An angry resident has criticised Scotland’s largest national park for lauding a modern drainage pond to a group of visiting Icelandic delegates in a new video.
Gordon Bulloch, who runs The Dulaig bed and breakfast in Grantown with his wife, Carol, claims the video misleadingly extolls the benefits of a Sustainable Urban Drainage System (SUDS) which is part of the 53-home Beachen Court development, currently under construction.
He claims the excavation work to build the pond, which adjoins his driveway, destroyed a small ecosystem of wildlife-rich marshland and that an improvised construction design for an access track around it will damage the roots of trees, including a 100-year-old beech.
Sustainable drainage systems (SUDS) are designed to collect rainwater from roofs, roads and pavements in man-made basins which can be slowly released into rivers and streams to prevent flooding.
In the past, drainage techniques have traditionally been below ground tanks and pipes, which transported water away as quickly as possible.
Murray Ferguson, director of planning and rural development at the CNPA, said the SUDS pond encourages a more efficient approach to drainage and water management while enhancing wildlife habitat.
He said they were pleased to show the site to international visitors and national experts and are aware of “very specific concerns” about construction from immediate neighbours.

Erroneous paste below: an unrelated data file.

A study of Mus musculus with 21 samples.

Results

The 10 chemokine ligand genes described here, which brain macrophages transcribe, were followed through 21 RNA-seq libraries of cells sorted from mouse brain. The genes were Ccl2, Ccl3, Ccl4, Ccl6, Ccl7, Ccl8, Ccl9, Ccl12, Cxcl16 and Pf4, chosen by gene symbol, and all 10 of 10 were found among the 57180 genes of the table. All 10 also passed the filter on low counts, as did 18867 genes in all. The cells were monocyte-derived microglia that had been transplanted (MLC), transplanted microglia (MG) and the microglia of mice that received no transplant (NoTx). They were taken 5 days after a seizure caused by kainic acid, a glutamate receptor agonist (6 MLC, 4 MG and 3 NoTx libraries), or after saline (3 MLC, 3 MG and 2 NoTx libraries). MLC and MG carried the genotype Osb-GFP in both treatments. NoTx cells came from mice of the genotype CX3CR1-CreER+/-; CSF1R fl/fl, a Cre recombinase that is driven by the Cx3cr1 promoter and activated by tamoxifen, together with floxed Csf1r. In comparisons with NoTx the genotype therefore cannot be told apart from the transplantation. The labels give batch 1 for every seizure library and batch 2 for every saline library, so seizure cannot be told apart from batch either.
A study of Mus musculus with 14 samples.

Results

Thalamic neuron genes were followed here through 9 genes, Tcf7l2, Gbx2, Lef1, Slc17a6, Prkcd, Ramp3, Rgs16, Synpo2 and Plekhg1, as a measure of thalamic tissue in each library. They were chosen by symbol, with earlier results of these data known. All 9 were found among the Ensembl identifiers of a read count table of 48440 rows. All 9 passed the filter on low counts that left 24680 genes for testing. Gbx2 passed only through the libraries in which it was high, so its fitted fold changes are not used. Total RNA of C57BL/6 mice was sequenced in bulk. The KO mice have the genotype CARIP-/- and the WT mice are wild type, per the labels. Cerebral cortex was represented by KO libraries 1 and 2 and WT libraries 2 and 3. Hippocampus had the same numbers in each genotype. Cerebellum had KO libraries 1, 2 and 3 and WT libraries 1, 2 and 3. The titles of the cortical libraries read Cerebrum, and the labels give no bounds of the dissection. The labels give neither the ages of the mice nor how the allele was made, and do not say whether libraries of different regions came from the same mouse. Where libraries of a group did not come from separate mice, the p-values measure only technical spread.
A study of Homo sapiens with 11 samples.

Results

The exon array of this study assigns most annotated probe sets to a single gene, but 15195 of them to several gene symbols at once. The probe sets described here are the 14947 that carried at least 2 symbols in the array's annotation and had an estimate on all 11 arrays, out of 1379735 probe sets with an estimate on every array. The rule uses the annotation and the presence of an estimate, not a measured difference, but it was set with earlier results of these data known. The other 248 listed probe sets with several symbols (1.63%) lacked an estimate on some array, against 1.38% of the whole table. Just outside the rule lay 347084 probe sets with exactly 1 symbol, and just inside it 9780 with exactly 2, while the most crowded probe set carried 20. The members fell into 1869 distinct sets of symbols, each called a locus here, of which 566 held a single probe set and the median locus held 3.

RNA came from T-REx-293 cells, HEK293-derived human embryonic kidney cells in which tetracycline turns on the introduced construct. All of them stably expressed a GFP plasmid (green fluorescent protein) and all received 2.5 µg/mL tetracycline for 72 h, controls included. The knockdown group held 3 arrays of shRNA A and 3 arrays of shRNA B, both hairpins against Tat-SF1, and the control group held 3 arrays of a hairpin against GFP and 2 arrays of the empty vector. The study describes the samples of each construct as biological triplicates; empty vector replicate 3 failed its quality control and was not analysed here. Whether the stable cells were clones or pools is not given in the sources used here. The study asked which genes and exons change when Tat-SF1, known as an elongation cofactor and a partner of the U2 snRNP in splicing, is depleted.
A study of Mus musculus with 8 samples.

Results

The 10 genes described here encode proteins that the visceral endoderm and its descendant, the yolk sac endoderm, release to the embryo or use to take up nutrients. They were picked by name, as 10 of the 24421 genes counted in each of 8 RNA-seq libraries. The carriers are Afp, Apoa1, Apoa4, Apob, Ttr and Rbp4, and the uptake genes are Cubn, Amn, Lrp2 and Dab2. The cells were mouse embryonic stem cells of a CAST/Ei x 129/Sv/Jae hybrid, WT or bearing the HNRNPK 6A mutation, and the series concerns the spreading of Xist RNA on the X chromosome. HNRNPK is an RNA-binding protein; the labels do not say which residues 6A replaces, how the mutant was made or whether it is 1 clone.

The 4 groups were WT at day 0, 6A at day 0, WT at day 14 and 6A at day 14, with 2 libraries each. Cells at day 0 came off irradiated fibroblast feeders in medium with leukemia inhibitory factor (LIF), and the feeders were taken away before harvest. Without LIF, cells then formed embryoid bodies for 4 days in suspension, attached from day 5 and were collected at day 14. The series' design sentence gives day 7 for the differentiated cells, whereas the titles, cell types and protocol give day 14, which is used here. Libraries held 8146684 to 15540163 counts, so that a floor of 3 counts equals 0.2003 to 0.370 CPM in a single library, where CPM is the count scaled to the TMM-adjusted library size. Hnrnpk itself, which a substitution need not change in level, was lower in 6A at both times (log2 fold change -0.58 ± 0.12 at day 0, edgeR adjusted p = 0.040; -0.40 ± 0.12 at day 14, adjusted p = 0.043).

Mr Bulloch, who previously worked in environmental consultancy, said: “From my knowledge and professional experience this is a very good example of how not to design a SUDS pond.”
In the video, posted last week on social media by the CNPA, ecological adviser Sally Mackenzie says they are working to enhance SUDS schemes and biodiversity in the national park.
But Mr Bulloch says the SUDS land and neighbouring wetlands were scraped and excavated for an access road, and that neither the developer or planning authority have found ways to preserve more of the former habitat.
He said the former marshland and rough grazing was rich in wild flowering plants and insects which depend on them and that biodiversity has been reduced.
Mr Bulloch said that the SUDS pond should have been built about 35ft west of where it is and that the east side of it now covers the roots of his sycamore and beech trees.
An independent consultant’s report commissioned by Mr Bulloch concluded that the track around the SUDS pond will likely cause damage to the tree roots.
But Robbie McLeod, of developers RS McLeod, said the SUDS scheme has been designed by professional engineers and was fully approved and adopted by the Scottish Environment Protection Agency, Highland Council’s flood team and the park authority.